A Women's Champions League football match at Kingsmeadow grounds in London last fall. (Holly Hostettler-Davies/YJI)

Bridgend, South Wales, UK – Women’s football has increased in popularity in recent years, with more people watching and enjoying the game. The Football Association – the national governing body of football in England – reported that football had become the top participation sport for women and girls in England by 2002.

But it wasn’t until recently that UK media began putting women’s football in the spotlight and increasing its popularity.

The number of people tuning in to watch women’s football broke a lot of records in 2019.

In 2019, Forbes reported that the Women’s World Cup that year had a live audience of more than 82 million viewers.

The BBC broadcast of the women’s semi-final match between England and the U.S. drew 11.7 million people, according to The Guardian. Attendance at Wembley Stadium, where the English team plays, reached a record 77,786 in its match with Germany, according to the Football Association.

From July 6 to 31, England is hosting the Union of European Football Associations’ Women’s EURO tournament. It consists of 16 nations and is one of the best-known football competitions in the world.

Again, fans are re-writing the record books with 68,781 spectators at Old Trafford Stadium on 6th July for the opening game between England and Austria – the highest attendance ever at a Women’s EURO game.

There is no doubt that the increasing publicity of the women’s game is inspiring young women and girls throughout the world.

Rachel Magill, 17, spoke about what it means to see record-breaking crowds attending the Women’s EURO and what’s next for women’s football.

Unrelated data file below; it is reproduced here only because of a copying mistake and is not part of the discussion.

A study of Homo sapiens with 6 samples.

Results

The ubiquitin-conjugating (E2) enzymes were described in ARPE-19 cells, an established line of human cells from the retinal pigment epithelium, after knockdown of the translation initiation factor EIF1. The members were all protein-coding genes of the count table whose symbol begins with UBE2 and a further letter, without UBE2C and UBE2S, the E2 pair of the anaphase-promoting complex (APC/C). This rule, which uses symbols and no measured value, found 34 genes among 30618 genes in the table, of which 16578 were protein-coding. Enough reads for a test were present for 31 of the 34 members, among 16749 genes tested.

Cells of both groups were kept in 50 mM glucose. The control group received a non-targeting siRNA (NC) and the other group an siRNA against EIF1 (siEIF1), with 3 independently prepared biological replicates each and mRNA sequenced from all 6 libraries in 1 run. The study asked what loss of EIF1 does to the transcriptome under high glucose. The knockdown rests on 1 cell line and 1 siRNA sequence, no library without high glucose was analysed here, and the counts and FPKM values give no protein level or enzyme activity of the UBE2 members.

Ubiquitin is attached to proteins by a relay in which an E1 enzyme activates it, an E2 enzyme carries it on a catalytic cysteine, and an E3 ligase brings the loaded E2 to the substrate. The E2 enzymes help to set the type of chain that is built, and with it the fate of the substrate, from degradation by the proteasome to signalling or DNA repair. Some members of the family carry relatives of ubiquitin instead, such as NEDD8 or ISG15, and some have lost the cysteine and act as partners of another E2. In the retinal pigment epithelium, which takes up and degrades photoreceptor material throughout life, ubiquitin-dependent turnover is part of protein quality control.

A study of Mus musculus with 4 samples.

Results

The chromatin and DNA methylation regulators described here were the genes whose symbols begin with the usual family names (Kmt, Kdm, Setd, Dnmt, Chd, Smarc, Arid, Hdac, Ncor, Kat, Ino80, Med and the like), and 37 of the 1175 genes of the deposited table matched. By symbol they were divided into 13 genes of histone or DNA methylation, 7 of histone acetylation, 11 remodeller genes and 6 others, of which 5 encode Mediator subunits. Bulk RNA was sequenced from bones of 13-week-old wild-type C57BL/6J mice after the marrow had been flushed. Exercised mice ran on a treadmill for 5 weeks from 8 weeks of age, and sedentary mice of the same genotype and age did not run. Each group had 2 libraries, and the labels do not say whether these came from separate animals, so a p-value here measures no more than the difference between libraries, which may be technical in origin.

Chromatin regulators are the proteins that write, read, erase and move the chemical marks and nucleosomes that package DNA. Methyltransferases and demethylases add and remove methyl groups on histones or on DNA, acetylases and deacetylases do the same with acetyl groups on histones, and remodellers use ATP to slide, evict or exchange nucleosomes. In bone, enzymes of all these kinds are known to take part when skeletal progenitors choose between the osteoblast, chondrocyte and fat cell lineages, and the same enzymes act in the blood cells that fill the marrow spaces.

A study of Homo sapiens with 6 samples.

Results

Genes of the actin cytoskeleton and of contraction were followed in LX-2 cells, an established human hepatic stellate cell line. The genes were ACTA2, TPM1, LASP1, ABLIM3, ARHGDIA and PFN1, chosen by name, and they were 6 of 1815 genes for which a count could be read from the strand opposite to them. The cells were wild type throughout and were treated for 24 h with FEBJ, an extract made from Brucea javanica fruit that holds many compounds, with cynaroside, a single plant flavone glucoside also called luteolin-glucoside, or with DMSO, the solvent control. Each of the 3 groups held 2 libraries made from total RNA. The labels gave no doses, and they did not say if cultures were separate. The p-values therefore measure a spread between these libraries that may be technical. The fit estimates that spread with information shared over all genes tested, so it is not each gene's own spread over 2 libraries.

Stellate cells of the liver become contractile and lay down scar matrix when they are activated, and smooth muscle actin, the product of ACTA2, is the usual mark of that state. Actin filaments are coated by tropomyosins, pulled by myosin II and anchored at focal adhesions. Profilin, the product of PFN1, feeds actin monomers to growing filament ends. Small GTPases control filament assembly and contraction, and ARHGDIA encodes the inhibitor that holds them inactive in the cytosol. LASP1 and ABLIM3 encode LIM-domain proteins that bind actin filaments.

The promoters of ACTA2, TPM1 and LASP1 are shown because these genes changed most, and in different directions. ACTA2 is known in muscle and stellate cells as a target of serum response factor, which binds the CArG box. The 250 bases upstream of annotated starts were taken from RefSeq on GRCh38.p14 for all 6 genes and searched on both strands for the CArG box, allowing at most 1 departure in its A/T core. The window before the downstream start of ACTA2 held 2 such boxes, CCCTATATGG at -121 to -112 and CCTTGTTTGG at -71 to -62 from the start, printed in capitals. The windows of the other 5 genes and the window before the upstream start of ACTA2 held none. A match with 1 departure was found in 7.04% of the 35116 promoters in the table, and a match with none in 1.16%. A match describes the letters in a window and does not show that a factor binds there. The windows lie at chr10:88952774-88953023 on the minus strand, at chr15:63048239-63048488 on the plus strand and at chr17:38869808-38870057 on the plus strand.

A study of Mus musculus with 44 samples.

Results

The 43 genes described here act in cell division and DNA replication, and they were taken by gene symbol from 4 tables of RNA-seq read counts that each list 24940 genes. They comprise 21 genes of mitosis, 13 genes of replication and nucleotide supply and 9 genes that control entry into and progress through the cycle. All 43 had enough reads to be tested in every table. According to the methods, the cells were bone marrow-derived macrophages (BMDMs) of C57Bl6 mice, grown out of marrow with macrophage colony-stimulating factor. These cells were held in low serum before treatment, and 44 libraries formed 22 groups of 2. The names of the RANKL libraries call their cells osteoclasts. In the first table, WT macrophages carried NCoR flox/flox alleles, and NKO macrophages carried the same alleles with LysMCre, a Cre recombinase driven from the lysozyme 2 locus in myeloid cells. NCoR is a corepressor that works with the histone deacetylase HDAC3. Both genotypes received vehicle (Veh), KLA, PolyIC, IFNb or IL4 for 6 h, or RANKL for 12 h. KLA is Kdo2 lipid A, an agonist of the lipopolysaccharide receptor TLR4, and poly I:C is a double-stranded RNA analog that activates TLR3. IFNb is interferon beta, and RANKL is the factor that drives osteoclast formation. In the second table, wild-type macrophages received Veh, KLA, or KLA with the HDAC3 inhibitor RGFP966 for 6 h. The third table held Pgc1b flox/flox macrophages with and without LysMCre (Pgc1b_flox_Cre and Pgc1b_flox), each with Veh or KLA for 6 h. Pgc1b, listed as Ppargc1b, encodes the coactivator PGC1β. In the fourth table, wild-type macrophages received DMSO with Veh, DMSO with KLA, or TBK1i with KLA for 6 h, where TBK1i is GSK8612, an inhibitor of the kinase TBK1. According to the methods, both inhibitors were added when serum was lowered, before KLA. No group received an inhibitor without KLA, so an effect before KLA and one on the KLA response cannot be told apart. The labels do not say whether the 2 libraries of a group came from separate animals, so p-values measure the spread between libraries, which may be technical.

Magill has been playing football since she was eight years old, and currently plays for Comber Rec Ladies, who play in the Northern Ireland Women’s Football Association Championship.

“Growing up, it surprised people that I played football, not everyone thought girls did or should play football,” said Magill. “I always remember comments from boys in school who didn’t believe girls should be playing football and girls can’t play football. When I played for a boys’ academy team, I always felt I was viewed as weaker and a lesser player than the boys.”

Asked how she thought attitudes towards women’s football have changed in recent years, Magill said, “The sport has been given a new respect and professionalism, especially shown through the development of leagues such as the WSL.

Holly Hostettler-Davies/YJI

“Women’s footballers are becoming their own role models and stars,” Magill continued. “Young girls have female footballers to look up to rather than in the past when it was male footballers.”

Media exposure is crucial, according to Magill.

“It is majorly important that the Women’s EURO has the television coverage it has been receiving,” she said.

This year, the Women’s EURO games have been showcased on mainstream channels, making it accessible for everyone to watch.

Magill spoke about how the extensive ‘TV coverage has allowed people to enjoy women’s football and will increase the fans – and hopefully could be a pathway to more Women’s Super League on TV, explaining that the excellent media coverage made the Euros a highly covered event, building attention and suspense for the games and showcasing the players to a global audience.”

Magill understands the game as a player and as a fan.

“Going to the Northern Ireland v England match myself, I loved getting to be a part of the atmosphere. The fanzone and activities around the stadium were brilliant,” she said. “I got to meet a lot of people too. I have found women’s football is a community and the fans of all the nations have come together and are enjoying the tournament together.”

For athletes like Magill and fans, it’s important that the positive steps forward continue past the Women’s EURO tournament.

“Women’s football should continue to get the coverage and attention it is now. Having the sport be easily accessible allows more people to watch and partake,” said Magill.

Magill said she hopes the professionalism and media attention continue to increase.

“Role models and levels have been created that young women can strive towards. It is inspiring to see that the sport is so well-respected and the community is welcoming. I hope that this would mean more women think about joining and supporting women’s football.”

Holly Hostettler-Davies is a Senior Correspondent with Youth Journalism International.